At the end of September, Gayle Forman hosted a second chances contest at her blog. The prize was the paperback edition of her novel Sisters in Sanity, and I won!
It's Labor Day weekend, and sixteen-year-old Brit Hemphill isn't very excited about a potential family trip the Grand Canyon. Two days trapped in a car with her father, stepmother (the stepmonster), and her half-brother Billy is not her idea of fun. She'd rather play a weekend music festival with Clod (she's their guitarist).
But she doesn't get to do either.
Instead, her dad tricks her into "taking a look at" Red Rock Academy in Utah. Once they arrive, Brit is pulled out of the car, away from her father, and locked in a small room "for her own good."
The next morning, she is forced to hand over all of her personal belongings and endure a thoroughly humiliating strip-search before meeting with a shrink who diagnoses her with "Oppositional Defiance Disorder"--all because she has magenta streaks in her black hair, a few tattoos, stays out late, and plays in a punk rock band.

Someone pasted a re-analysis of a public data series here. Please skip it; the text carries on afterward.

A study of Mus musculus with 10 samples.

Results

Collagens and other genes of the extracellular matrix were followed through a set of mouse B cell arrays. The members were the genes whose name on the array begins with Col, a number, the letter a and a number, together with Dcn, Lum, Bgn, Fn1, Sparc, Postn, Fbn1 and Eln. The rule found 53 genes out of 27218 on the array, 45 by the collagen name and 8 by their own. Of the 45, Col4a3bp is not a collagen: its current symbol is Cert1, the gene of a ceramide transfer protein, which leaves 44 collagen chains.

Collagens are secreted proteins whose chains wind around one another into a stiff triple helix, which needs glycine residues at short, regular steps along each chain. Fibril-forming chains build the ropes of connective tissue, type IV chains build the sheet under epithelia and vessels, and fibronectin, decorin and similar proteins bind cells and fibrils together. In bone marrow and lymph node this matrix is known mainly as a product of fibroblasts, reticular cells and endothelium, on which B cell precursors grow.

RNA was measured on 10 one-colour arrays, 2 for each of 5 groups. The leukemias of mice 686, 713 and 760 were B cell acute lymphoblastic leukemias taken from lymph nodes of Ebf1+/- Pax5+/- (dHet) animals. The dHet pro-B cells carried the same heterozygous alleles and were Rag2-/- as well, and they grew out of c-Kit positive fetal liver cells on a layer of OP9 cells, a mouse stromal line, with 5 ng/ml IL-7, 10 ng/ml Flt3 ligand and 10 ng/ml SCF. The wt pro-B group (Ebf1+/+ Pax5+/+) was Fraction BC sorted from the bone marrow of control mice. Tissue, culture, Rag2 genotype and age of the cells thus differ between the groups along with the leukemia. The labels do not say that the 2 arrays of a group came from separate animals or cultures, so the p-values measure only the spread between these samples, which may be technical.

And that's when the so-called treatment begins. There are six levels of therapy before the girls can return home--each level carries a different reward: leaving your room, sending and receiving mail, attending school in a classroom, receiving phone calls, having your family visit, wearing makeup, and leaving the school for supervised town outings. When they misbehave, get caught breaking the rules, or continually refuse to take part, the girls get demoted a level. Treatment can end up taking years.
Unfortunately, the treatment isn't helpful at all. It's cruel. Brit is scorned by not only the counselors, but her peers. They're encouraged to call each other names and tattletale on one another.
But then Brit makes friends. V, Bebe, Martha, and Cassie are just as unhappy as she is. They form a secret club called "Sisters In Sanity," a support system that keeps each of the girls from going off the deep end. Together, they vow to do what they can to expose the bogus treatment at Red Rock and get the place shut down for good.
This book frightened me. I was scared for the Brit and her friends and wanted more than anything to help them.
The story was well-written and the characters showed true heart and courage. I still haven't stopped thinking about it.
More than anything, Sisters In Sanity made me beyond grateful that my parents put up with my teenage shenanigans. I was quite a handful. Being grounded for a week seems like a gift in comparison to what Brit endured.